My cousin Ray Hampton Christison has sent his almost final draft of the life of our fascinating, talented, but at times repellent great-grandfather John Hampton Christison. Ray has really done a great job. I am sure it will be of interest to, but also way beyond, John H’s descendants. So colourful and paradoxical a character!
I meanwhile have been sidetracked into my convict Whitfield ancestry, inspired by Tony Moore’s Death Or Liberty: Rebel Exiles in Australia 1788 – 1868. Not that my ancestor was a “political prisoner”. On those who were see an article in The Australian — Rebels sent to our shores have a story to tell us.
Researching my book Death or Liberty I learned that in an old cemetery in Dapto bush where we skylarked as teenagers lay a French-Canadian revolutionary named Joseph Marceau, transported as a convict in 1839 for rebellion against the British Empire. The understated resting place of the Canadian rebel disturbs our conventional understanding of the convicts as criminals, and leaves us asking why we don’t learn about such people at school or in our civic remembering. Few Australians realise their homeland was once the British Empire’s Guantanamo Bay, where about 3600 rebels, radicals and protesters were transported as political prisoners in the late 18th and 19th centuries. “Death or Liberty!” was the rallying cry of a stream of political exiles including liberals, democrats and republicans; English machine breakers, trade unionists and Chartists; radical journalists, preachers and intellectuals; and of course Irish, Canadian and even American revolutionaries. While viewed by the British government with the same alarm as today’s terrorists, the political prisoners are now revered in their homelands as freedom fighters. Yet in Australia, the land of their exile, memory of these martyrs has dimmed.
This is surprising, as many of the principles for which they were transported: freedom of speech, publishing and assembly; universal suffrage; and responsible government, animate both the Liberal and Labor sides of politics…
And in the comments a loud harrumph from a fogey, whether old or young I know not:
Romantic Nonsense. We were given our political liberties by the British not because of agitators but because a prosperous, strong, politically-conscious middle class developed very quickly here. It was the safe pair of hands into which the British were willing to place responsible government. It’s this strong middle class which still forces government into the centre and keeps Australia on a steady trajectory. I’m glad we never had a revolution here. The rebels and radicals were a sideshow.
That of course is also Romantic nonsense, even if I am fogey enough to be myself glad we have avoided the tragedies that revolution rather than reform has so often wrought. But then Tony Moore, while clearly a republican – NOT in the US sense – is hardly advocating revolution either.
But I have found lots of interesting things.
Here is a convict ship, the “Minerva”, leaving Cork Harbour in 1819.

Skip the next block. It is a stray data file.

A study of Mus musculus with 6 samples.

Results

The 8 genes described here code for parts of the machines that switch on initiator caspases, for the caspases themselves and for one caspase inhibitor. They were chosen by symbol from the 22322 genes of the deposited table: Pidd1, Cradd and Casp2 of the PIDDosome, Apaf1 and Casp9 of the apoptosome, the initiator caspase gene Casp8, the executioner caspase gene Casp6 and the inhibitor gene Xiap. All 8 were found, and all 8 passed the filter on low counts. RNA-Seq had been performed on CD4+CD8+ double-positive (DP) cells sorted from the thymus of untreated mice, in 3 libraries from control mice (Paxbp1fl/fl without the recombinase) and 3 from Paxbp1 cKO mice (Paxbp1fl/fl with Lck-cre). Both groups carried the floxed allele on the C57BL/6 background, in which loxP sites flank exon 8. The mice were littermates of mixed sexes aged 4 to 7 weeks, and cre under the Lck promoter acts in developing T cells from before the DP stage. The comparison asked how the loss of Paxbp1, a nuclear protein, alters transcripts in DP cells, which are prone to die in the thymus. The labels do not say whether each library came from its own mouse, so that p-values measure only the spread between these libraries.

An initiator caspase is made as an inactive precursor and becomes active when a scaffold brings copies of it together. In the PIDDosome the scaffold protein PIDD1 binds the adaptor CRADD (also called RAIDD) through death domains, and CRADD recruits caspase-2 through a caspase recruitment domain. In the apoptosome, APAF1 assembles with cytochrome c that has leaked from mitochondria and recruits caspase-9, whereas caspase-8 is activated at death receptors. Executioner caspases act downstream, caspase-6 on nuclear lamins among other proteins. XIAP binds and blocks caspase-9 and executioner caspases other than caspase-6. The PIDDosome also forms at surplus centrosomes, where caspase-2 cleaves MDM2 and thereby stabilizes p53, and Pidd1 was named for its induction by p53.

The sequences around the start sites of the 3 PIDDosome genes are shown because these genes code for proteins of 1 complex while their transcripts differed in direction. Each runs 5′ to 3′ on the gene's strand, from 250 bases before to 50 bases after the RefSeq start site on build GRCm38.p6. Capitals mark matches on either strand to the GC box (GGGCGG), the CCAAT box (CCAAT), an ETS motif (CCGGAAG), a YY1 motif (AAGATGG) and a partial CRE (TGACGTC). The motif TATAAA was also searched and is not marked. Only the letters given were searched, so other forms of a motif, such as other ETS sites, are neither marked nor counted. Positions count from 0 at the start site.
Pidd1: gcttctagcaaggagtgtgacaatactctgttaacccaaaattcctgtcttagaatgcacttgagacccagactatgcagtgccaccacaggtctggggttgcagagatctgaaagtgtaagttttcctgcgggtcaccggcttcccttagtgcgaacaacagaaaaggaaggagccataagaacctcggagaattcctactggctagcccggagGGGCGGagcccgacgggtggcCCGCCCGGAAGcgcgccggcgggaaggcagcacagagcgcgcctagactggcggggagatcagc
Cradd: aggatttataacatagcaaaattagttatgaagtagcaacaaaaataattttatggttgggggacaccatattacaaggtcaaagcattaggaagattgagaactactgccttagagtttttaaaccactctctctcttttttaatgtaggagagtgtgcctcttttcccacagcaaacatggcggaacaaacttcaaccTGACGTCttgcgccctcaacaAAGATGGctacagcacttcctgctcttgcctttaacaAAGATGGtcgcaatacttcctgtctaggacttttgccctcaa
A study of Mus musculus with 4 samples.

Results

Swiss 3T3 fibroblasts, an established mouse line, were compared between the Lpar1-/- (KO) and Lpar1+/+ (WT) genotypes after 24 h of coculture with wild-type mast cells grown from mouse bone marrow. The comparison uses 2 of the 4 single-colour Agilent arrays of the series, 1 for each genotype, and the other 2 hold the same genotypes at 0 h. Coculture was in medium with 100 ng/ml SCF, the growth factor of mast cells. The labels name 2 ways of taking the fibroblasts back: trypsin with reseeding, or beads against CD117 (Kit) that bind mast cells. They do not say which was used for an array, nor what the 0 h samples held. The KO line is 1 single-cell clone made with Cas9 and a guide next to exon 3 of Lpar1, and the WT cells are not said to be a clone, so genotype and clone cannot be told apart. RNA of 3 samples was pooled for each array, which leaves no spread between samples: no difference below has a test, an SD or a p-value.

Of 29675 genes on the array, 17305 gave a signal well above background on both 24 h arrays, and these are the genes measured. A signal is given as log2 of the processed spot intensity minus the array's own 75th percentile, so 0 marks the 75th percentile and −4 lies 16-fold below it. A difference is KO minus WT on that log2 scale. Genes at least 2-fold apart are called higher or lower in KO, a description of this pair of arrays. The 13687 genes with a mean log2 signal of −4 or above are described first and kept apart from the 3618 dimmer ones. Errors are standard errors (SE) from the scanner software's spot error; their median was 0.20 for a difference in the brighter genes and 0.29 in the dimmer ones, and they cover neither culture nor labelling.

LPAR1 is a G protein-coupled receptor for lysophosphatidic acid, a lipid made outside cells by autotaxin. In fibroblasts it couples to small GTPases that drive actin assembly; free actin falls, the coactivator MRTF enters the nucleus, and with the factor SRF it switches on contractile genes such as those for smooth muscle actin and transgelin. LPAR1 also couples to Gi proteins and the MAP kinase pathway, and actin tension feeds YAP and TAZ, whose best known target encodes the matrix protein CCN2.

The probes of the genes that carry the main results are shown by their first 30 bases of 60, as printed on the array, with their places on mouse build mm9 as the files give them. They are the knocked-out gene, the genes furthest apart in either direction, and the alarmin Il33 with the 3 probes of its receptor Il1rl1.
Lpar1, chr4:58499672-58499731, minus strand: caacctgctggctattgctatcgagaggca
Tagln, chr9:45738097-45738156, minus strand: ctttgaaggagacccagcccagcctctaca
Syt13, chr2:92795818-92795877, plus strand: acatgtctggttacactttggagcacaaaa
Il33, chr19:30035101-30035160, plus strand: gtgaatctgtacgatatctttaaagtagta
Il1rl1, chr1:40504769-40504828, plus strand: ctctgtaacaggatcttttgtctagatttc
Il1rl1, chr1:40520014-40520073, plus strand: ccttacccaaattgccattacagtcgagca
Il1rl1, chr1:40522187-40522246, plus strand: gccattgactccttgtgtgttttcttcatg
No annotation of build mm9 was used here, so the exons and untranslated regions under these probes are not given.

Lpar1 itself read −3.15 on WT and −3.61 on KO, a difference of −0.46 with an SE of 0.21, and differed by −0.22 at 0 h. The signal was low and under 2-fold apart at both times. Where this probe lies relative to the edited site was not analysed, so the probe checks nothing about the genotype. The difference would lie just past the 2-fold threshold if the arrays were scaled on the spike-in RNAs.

As did my ancestor, Jacob Whitfield, in November 1821.
More detail about the “Isabella 1” is here.
On October 14th forty-seven convicts were received onto the vessel making the total to 200 men. They were divided into messes and sent on deck during each day in two divisions. This routine continued until nearly the end of October when rain set in and the men were kept below. The surgeon reported that the prisoners were orderly and well behaved. The bad weather continued and the men were allowed on deck intermittently. By November they had set sail and most of the convicts, guard and women were all experiencing sea sickness in the boisterous weather.
Over the next four months Surgeon Price kept a daily record of the position of the vessel and weather experienced as well as the various illness of the convicts.
There were light winds on the 10th March when they came to anchor in Sydney Cove. The convicts were mustered on deck and divine service performed. The following day the Colonial Secretary came on board to muster the men.
On the 14th March at daylight the guard and the convicts were all disembarked and at 11am Governor Sir Thomas Brisbane inspected the prisoners in the gaol yard.
As well as two hundred convicts, those arriving on the Isabella included 32 people belonging to the guard including the officer; two soldier’s wives (one died on the passage); passengers 1 man, wife and two children.
Back on the vessel after everyone had landed, a party of men came on board from the dockyard and dismantled the on-board prison in preparation for the return to England.
For a time Jacob was housed in the Convict Barracks, now an attractive tourist spot.
When Governor Macquarie’s convict barracks opened in 1819 it was remarkably the colony’s first facility to house convicts.
After 1815, as convict numbers grew, a shortage of housing resulted in many men being homeless. This caused disorder in the town. Macquarie established the barracks in order to control the living and working arrangements of the convicts.
By accommodating convicts together, Macquarie hoped to keep his workforce sober and well fed, to ensure they turned up for work on time and put in a full day’s labour.
Construction began in 1817. Designed to hold 600 men, at times it housed up to 1,300.
These re-enactment photos taken a the Hyde Park Barracks (example above) may help you imagine what life was like for a convict.
Convict ship “Success” off Point Piper.